Stronger representation in civil service, corporate sector needed for Indians

The Indian Dilemma Part 3

By Ganabatirau Veraman

A nation is never fully run by politicians as it is usually assumed. A country, regardless of which part of the world, is run by civil servants and the high-income group. Civil servants as we know, usually have a longer term in positions of power compared with politicians. On the other hand, owners of large private corporations have their influence in the trade world regardless of who is in power. Hence, up to a significant point, it can be assumed that the survival or prosperity of a society would also depend on how well they are represented in these two key segments. We need to ensure therefore fair representation of each community in these two areas to have access to benefit from the nation’s resources.

How does the Malaysian Indian community fare?

According to Onn (2023), Malays comprised 77.5 per cent of the civil service (excluding the police and military), with Sabah and Sarawak Bumiputeras accounting for 12.1 per cent, followed by Chinese (5.7 per cent), Indians (3.8 per cent) and Orang Asli (0.2 per cent) in 2022. What is ironic about this is that this clearly does not represent the demography of the Malaysian population.

In terms of income, the Chinese and Bumiputera ethnic groups are reported to enjoy higher average income than the Indian community. An average income of race groups directly indicates their involvement in entrepreneurship, private equity ownership, and high-paying jobs.

According to an article in The Edge Malaysia Weekly in 2020, bumiputera households made up 53.5% of the 1.72 million households in Malaysia that had more than RM10,000 in monthly gross income in 2019.

Citing the 2019 Household Income and Basic Amenities Survey (HIS) report by the Department of Statistics Malaysia (DoSM), it estimated that there were about 918,400 bumiputera households with a monthly gross income of at least RM10,000 in 2019, or 53.5% of all households with that level of income last year — trumping 656,200 Chinese households (38.2%), 144,000 Indian households (8.4%) and 8,300 households of other ethnicity (0.48%). It also noted that On the flip side, 932,600 or 71.6% of the 1.3 million households that earn less than RM3,000 a month last year were also bumiputeras. That compares with about 245,100 Chinese households (18.8% of total households earning below RM3,000 a month), 97,000 Indian households (7.4%).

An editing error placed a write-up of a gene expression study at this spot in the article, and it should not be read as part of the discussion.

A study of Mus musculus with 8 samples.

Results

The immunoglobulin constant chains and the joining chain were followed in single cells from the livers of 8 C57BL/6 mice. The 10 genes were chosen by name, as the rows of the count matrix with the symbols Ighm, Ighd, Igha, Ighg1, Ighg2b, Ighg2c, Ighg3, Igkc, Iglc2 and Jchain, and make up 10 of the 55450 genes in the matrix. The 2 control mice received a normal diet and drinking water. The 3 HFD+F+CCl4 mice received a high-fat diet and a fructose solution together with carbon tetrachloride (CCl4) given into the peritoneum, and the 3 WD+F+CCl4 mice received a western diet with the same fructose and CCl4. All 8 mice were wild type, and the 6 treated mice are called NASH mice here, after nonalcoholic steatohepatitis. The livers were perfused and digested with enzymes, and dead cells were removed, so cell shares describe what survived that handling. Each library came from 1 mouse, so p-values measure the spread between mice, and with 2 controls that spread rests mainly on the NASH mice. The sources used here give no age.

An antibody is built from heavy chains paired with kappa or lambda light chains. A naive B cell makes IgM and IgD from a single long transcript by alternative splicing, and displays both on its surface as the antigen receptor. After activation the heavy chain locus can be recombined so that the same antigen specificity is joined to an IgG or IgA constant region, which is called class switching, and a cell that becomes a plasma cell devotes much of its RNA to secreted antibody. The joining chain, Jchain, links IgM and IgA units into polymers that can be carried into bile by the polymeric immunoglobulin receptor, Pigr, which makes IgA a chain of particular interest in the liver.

It is visible that the Indians are more vulnerable in this area and hence more focus should be directed towards increasing their involvement and raising their average income and ensuring that they are not left behind in the country’s economic development.

The opportunities for the community to enhance their capabilities with the support of government entrepreneurship programmes should be expanded. By providing a sustainable entrepreneurship scheme to the Indian community, the MADANI government could help fuel the nation’s economic growth.

While there is already at least one entrepreneurship scheme under each ministry, the government needs to enhance the visibility of these schemes, enabling more to access these schemes.

In the year of 2017, the government launched the Malaysian Indian Blueprint (MIB), documenting the challenges that have been plaguing the Indian community. A total of four separate units looking into the community be consolidated and merged under a single unit called SEDIC.

SEDIC was then rebranded as Malaysian Indian Transformation Unit or MITRA in 2018, led by the Ministry of National Unity (KPN). A major task for MITRA was to identify current issues and challenges affecting the Indian community, implementing socio-economic development initiatives, and coordinating cooperation between the government and the private sector towards the development of the Indian community in general.

In the history of Malaysian politics, the MIB remains one of the most strategic plans to improve the Indian community’s economic and social stance. But the plan has not really taken off as well as it should or could have. Apart from a lapse in its implementation, the community’s own undoing with issues of poor leadership and mismanagement have continued to plague the successor MITRA from its onset.

Now, under the MADANI government, there is an urgent need for Prime Minister Dato’ Sri Anwar Ibrahim to flash the torch on these internal issues affecting MITRA’s performance and with the support of the Indian community help retain its original cause.

MITRA should be retained and brought back to its actual cause by turning it into a statutory body just like TERAJU for increased transparency and accountability.

But economy is only part of the issues facing the Indian community. The stigma of bearing association with gangsterism, alcoholism, and high crime rate for the community is another matter. This will be discussed in Part 4 of the Malaysian Indian Dilemma.

The views expressed here are that of the writer’s and not necessarily Weekly Echo’s.